Sophie Karthauser and Bejun Mehta
Sophie Karthauser (Angelica) is watched by Bejun Mehta (Orlando) in Handel's opera. She rebuff's the lovestruck warrior's advances in the Baroque work at La Monnaie/De Munt through May 11. Photographer: Bernd Uhlig/La Monnaie/De Munt via Bloomberg.

Bejun Mehta triumphs as the mad, love-torn hero of “Orlando” at La Monnaie/De Munt in Brussels.

The U.S. countertenor propels the new production of Handel’s 1732 work with his stirring interpretation of the epic warrior crazed by desire and jealousy. Mehta deftly navigates the rollercoaster airs in this daunting role.

An opera seria, “Orlando” consists of a succession of luscious -- though seemingly endless -- arias. There’s scant narrative structure, and the director, Pierre Audi, wisely opts to focus on the lead character’s inner torment.

“Better to serve love than to win victory!” declares Orlando when the magician Zoroastro (Konstantin Wolff) urges him to prize duty over desire. Orlando proceeds to whip himself into a fiery jealous rage over the haughty Angelica (Sophie Karthauser), who has fallen for Medoro (Kristina Hammarstrom), another battle-scarred hunk. He, in turn, has roused the attention of lonely Dorinda (Sunhae Im), and on it goes.

The roles are well cast. Karthauser has the proper bearing and the vocal power for her role, though I suspect she’d be more at ease in, say, Mozart’s “Cosi fan Tutte.” Hammarstrom has a fluid mezzosoprano voice, just right for this trouser role, though I would have appreciated a bit more swagger. Sunhae Im excelled in the florid Baroque curls and dips of the score.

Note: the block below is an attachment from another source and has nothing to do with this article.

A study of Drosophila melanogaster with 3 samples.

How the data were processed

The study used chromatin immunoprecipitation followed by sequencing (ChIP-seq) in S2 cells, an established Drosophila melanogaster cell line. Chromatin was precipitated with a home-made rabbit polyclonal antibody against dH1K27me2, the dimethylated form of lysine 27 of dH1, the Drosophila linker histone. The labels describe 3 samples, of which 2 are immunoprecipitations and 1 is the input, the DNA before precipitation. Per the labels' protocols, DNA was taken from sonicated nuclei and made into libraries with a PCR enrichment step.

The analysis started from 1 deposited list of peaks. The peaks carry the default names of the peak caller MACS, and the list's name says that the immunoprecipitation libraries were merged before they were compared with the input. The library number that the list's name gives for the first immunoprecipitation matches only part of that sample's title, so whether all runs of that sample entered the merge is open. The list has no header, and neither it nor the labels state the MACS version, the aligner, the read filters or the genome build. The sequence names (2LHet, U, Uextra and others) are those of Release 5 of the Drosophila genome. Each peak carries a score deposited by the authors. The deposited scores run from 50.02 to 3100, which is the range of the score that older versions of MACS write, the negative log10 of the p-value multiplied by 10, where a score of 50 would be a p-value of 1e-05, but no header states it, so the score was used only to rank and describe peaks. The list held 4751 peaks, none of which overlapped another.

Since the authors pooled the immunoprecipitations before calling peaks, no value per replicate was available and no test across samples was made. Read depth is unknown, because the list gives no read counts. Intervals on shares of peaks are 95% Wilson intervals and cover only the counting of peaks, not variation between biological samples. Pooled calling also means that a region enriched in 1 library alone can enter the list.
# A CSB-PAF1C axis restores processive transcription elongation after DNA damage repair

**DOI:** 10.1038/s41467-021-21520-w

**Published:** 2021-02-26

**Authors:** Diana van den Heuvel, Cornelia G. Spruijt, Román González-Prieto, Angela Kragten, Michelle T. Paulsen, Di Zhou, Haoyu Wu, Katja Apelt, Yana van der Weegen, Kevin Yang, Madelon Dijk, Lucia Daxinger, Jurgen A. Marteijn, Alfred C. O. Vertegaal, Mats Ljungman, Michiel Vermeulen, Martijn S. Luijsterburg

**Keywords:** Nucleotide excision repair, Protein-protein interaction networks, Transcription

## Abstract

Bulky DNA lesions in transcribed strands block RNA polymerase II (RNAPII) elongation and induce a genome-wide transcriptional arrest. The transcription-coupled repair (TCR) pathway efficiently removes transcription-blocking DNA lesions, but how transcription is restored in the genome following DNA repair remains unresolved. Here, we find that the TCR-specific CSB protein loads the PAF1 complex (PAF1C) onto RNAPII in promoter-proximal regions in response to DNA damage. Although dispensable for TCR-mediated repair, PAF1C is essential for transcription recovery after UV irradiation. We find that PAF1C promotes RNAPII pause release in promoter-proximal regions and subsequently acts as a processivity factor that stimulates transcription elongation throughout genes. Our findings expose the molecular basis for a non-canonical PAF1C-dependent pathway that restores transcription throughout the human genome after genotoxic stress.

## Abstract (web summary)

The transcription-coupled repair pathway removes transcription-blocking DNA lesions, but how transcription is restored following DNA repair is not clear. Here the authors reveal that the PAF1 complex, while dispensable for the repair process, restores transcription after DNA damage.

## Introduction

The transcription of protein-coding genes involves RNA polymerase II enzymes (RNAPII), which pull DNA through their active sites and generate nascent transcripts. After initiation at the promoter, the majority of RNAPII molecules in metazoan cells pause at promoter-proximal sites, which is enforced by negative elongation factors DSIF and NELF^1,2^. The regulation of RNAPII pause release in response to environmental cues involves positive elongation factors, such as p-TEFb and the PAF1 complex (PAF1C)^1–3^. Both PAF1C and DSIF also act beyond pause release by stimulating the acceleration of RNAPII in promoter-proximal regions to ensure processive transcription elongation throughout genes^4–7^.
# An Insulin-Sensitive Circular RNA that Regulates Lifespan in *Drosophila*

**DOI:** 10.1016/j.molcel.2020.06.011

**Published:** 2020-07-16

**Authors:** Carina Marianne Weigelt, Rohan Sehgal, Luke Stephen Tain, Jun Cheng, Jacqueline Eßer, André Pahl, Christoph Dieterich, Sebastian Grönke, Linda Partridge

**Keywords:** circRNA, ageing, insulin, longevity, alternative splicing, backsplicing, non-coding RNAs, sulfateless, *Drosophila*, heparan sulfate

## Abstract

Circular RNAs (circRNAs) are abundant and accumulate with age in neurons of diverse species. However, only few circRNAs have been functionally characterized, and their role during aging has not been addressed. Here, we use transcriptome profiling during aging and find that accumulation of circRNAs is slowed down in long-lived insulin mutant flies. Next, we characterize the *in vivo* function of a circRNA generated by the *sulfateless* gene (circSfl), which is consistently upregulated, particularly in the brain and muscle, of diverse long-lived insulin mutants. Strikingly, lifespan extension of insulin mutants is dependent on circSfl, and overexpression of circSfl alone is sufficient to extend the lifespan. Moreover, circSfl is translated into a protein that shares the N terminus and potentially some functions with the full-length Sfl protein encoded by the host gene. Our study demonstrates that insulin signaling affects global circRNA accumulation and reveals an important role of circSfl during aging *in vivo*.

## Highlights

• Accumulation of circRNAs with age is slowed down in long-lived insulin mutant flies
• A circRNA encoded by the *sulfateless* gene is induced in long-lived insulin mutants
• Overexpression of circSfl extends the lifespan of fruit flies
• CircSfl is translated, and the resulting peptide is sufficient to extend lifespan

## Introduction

Psychic Turmoil

A curved, gray wall provides a confining backdrop to the psychic turmoil taking place stagefront. A charred, smoking ruin of a house in the first act evolves into the light framework of a new home in the last, tracking the progression from torment to a happy end, engineered by deus ex machina Zoroastro.

Rene Jacobs elicits a lively sound, rich in ornate Baroque flourishes, from the period-instrument ensemble B’Rock, driven by a basso continuo rumbling like a tight soul rhythm section.

On off nights, the opera’s stage has been occupied by the house orchestra and chorus conducted with finesse by Evelino Pido in concert performances of another stormy drama about jealous revenge, Rossini’s “Otello” (1816).

The virtuoso soloists drew bravissimos from the audience with a festive demonstration of bel canto vocal prowess. Gregory Kunde was credible and moving in the lead role, his powerful, somber tenor conveying the character’s wrenching anguish. Anna Caterina Antonacci gave a subtle, emotionally acute performance as Desdemona, easily mastering the role’s challenging tessitura. Dmitry Korchak (Rodrigo) and Dario Schmunck (Iago) impressed.

Rating: ***.

“Orlando” runs through May 11 at La Monnaie/De Munt, Brussels. Information:

What the Stars Mean:
****              Outstanding
***               Good
**                Average
*                 Poor
(No stars)        Worthless

(Jim Ruane is an editor-at-large for Muse, the arts and leisure section of Bloomberg News. The opinions expressed are his own.)

Today’s Muse highlights include: John Mariani on wine, Jeremy Gerard on theater.